But Robbie has a serious problem. He is hgihly aggressive. When he is in the car or truck and sees another dog, I cannot control him. I am afraid to open the door so that he does not attack the dog outside. He goes crazy and once he has bitten me, though he did not know it was me. I stuck my hand insdie the window when I was outside with a strange dog, and Robbie bit my hand thinking it was the dog. He has never bitten me otherwise, nor growled at me or shown agression towards me. But to other dogs he is terribly uncontrollable. I grap his collar and his skin and it has to hurt him and still he won't quit trying to kill the dog from the inside.
He also can be agressive with animals, particularly the llama and some sheep. When he was young, 2 years ago, he led the pack to kill the young llama Karin. I ran out to the pasture, but the dogs were young and packed on the llama. They would have killed her had I not set them off and rescued her. That same summer Robbie chased and played rough with a lamb and then rougher and when the other dogs joined in, he ripped the skin off her stomach. It healed but she suffered, I am sure. She is the same sheep that Mike and Joe used as a chew toy and marked her ears for life. And today, Robbie led Joe, the dog who is supposed to protect the sheep, to chase and attack that same sheep, badly hurting her.
I was busy with a visitor to the farm, but outside. Robbie does not bark when he chases and hurts, but Joe does. I heard Joe barking and immediately thought about where he was and where Robbie was not and put two and two together, too late for the ewe. She is badly chewed up. I treated her wounds with liquid copper for bacteria and gave her a shot of penicillin but she needs a pain killer. I will try to find something for her pain tomorrow. She is sitting crying.
Sheep do not make a sound when they are being chased or hurt. I am so very sorry for this pretty little girl. She is a good sheep, a quiet girl, quite friendly, and she is a mother this year. I know she is in pain and I feel totally responsible.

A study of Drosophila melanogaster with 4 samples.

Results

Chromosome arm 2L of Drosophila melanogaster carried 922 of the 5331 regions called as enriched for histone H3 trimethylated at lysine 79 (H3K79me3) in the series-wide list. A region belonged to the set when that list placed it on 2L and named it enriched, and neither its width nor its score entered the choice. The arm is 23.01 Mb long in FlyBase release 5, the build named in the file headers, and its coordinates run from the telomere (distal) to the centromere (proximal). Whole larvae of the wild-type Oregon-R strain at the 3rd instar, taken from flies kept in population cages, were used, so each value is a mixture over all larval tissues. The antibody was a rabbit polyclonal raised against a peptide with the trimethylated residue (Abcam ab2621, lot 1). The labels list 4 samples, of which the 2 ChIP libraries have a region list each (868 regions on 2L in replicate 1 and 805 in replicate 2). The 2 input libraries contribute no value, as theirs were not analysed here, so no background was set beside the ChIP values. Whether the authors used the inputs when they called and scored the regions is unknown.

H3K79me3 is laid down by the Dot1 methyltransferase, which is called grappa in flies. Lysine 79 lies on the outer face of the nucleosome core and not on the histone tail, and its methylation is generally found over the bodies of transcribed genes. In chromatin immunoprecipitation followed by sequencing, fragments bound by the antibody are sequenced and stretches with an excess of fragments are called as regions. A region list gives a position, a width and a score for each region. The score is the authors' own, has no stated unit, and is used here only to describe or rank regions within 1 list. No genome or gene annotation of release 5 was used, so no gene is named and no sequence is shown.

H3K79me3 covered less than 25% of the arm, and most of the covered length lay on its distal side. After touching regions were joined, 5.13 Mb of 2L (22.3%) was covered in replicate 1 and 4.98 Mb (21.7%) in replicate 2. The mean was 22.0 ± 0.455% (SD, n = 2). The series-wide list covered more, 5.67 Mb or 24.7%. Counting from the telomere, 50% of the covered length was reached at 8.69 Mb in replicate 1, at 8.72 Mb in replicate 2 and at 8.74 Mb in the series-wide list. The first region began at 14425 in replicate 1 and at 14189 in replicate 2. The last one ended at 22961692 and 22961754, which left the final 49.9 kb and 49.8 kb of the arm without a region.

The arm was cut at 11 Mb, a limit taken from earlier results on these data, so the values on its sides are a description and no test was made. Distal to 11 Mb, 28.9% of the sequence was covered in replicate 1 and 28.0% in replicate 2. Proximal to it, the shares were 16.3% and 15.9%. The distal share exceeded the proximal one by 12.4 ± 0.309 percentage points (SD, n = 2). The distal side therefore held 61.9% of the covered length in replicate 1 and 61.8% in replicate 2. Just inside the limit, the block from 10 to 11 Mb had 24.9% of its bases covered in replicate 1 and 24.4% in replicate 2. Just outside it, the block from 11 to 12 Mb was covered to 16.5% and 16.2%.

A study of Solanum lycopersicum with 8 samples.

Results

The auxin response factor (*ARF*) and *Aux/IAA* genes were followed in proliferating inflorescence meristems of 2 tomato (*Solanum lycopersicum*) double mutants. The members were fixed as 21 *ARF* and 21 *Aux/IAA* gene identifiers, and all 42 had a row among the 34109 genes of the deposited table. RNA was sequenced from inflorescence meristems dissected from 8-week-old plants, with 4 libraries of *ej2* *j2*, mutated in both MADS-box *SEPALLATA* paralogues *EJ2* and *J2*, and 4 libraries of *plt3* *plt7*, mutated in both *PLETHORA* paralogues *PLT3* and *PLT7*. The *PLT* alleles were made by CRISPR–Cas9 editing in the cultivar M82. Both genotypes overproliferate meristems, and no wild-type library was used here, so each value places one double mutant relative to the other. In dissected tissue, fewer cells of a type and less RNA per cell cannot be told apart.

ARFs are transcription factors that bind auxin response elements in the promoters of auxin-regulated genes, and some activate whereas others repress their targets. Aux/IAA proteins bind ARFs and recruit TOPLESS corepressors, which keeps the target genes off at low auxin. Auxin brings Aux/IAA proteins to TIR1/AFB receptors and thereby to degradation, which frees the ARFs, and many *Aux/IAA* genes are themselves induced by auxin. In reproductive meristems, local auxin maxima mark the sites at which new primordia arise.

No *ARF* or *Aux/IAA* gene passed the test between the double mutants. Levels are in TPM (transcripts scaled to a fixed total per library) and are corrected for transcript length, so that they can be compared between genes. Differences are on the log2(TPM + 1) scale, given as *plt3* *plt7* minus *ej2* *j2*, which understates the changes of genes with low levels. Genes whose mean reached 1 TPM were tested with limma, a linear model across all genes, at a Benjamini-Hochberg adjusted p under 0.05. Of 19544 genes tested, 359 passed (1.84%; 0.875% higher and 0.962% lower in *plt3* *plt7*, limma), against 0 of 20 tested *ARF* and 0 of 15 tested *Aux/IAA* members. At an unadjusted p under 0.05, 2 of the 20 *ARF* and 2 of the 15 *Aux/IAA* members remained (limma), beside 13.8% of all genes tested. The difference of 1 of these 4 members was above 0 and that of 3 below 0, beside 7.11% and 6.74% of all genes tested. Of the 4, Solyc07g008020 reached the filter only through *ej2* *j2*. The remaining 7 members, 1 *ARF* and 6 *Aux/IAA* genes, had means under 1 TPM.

Tomorrow Robbie will wear his shock collar and he will wear it for the rest of the summer. Joe does not initiate trouble, but follows. Unless he displays more incorrect behaviour, Joe will not wear a shock collar at this time. Every time Robbie runs from me when I call him back, he will be shocked. He will be trained to stay by my side. If he fails, I may have no choice but to try to rehome him and if that does not work, his fate is not good. I love that dog. I have had him since he was 7 weeks old and he is my 11th border collie. He learns quickly and loves to do tricks. Other than his agression issue he is a great dog, but he cannot be here on the farm if he is going to hurt the animals. I am sad about this. It is akin to a wayward child. The mother does not want to kill or disown the child, but help correct the behaviour, though what if it does not work?
The shock collar may be all the reminder he needs. I am not happy about resorting to that, but less pleased that he is agressive and can be uncontrollable. He needs to get in line. He needs to never chase and hurt the animals. Never. Will he succeed? I surely hope so, I do.